Rio mystery solved: Why doesn't beach volleyball sand stick to players?

Jay Busbee
Kerri Walsh Jennings (USA) of USA and Mariafe Artacho (AUS) of Australia compete. REUTERS/Ruben Sprich
Kerri Walsh Jennings (USA) of USA and Mariafe Artacho (AUS) of Australia compete. REUTERS/Ruben Sprich

Welcome to Olympic Mysteries Solved, where we answer your most pressing questions from this year’s Rio Olympic Games. Seen something you don’t understand? Drop us a line and we may solve your mystery in a future installment. Today: sand!

When you’re watching beach volleyball at Rio, you’re probably admiring the athleticism, the players, the setting, the speed. And you’re probably wondering, how the heck are these people not covered in sand?

If you’ve ever spent more than eight seconds at a beach, you know the dilemma: sand gets everywhere. Your drink, your book, your phone, your car, and anywhere and everywhere you can imagine on your body. And the moment you start sweating, you might as well be coated in glue; by the end of a day at the beach, you’re more sand than flesh. So why don’t the greatest beach volleyball athletes in the world get completely covered in sand?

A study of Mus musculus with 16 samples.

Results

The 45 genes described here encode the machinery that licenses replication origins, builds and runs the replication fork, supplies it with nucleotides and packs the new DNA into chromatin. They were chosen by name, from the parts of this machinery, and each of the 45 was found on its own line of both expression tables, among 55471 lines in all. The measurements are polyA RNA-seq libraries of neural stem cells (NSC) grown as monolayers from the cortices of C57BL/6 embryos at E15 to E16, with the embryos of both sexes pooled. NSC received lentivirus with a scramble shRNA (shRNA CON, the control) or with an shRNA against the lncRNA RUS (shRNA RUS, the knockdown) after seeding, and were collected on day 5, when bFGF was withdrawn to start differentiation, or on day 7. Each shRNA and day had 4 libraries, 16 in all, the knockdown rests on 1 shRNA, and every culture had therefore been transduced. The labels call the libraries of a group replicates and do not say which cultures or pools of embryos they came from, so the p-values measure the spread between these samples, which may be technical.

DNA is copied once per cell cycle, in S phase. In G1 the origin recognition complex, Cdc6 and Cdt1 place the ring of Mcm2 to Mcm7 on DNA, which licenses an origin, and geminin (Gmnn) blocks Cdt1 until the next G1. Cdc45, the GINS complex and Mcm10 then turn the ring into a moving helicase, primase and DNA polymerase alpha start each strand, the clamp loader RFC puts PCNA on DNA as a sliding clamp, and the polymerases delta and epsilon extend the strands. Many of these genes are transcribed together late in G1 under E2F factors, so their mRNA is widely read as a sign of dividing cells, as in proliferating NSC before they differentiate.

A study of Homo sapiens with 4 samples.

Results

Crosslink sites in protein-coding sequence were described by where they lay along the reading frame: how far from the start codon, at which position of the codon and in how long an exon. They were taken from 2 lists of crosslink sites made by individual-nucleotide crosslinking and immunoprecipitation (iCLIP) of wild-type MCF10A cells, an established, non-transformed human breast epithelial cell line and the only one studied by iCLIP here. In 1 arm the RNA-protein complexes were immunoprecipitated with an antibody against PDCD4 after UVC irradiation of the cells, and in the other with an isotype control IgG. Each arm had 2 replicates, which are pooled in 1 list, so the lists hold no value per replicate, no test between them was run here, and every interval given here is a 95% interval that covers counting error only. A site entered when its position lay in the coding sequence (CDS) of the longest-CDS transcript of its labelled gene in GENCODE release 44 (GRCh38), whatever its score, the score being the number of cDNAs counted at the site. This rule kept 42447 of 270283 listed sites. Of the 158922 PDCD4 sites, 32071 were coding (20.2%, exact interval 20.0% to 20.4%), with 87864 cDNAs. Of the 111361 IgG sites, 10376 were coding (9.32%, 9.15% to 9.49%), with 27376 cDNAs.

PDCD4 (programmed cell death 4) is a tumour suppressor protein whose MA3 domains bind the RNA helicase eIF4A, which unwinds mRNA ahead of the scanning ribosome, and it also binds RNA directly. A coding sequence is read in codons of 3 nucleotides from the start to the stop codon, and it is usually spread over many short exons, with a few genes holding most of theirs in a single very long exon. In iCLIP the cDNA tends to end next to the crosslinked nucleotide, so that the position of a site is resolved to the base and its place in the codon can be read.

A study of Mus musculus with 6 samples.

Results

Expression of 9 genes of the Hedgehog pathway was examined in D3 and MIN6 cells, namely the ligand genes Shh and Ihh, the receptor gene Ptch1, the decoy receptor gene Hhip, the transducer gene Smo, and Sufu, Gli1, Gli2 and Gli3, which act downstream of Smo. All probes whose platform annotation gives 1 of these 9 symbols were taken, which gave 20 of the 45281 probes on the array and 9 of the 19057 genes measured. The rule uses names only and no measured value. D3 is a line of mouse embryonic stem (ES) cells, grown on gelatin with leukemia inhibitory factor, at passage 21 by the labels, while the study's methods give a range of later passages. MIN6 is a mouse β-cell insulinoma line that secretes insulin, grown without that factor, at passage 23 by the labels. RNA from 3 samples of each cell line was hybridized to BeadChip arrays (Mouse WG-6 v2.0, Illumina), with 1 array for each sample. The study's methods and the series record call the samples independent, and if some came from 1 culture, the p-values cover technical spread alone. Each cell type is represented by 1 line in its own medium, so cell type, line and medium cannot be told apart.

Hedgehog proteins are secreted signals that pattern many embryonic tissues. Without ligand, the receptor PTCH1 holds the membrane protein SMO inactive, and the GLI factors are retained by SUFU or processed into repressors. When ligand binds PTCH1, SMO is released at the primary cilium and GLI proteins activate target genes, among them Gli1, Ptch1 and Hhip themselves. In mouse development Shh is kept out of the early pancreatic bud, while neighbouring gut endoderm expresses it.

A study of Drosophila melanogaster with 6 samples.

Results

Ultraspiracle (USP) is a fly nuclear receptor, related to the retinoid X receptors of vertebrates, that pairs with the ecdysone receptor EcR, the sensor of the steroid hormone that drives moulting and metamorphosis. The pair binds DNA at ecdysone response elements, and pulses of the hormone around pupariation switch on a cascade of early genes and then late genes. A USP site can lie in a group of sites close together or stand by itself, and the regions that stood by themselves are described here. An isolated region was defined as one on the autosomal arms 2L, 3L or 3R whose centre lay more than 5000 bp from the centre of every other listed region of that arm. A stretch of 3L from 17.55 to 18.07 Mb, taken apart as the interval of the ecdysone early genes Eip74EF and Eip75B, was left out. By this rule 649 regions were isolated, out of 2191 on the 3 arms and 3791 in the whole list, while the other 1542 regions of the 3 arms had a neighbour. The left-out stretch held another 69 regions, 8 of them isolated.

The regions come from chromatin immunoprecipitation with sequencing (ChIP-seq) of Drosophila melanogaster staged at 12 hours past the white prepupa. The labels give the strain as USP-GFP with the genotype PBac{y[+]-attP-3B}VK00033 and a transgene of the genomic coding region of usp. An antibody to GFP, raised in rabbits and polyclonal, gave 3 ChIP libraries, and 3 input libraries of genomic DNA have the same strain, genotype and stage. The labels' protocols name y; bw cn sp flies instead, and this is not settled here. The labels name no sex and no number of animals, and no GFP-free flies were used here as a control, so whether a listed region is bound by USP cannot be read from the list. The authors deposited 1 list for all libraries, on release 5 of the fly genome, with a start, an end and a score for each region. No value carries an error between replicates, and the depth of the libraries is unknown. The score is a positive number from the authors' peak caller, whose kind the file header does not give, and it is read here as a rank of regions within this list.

Simple: beach volleyball players are bred in a laboratory and have frictionless skin. No, wait that’s not it : they’re just playing on special sand. The International Beach Volleyball Federation (FIVB) has laid out extensive, if not necessarily precise, regulations for the type of sand acceptable in beach volleyball competition:

The surface must be composed of levelled sand, as flat and uniform as possible, free of rocks, shells and anything else which can represent risks of cuts or injuries to the players.
For FIVB, World and Official Competitions, the sand must be at least 40 cm deep and composed of fine loosely compacted grains.
The playing surface must not present any danger of injury to the players.
For FIVB, World and Official Competitions, the sand should also be sifted to an acceptable size, not too coarse, and free of stones and dangerous particles. It should not be too fine to cause dust and stick to the skin.

So there you go. Sand has to be fine but not too fine, sifted but not flour-sifted, soft but not baby-powder soft. In other words: sand from the kind of beaches where folks like you and me aren’t welcome. At least we can enjoy the Olympics together, yes?

Previously solved Rio mysteries:
What are those circular marks on Michael Phelps’ back?
Why do swimmers wear two caps?
Why is Rio’s Olympic cauldron so tiny?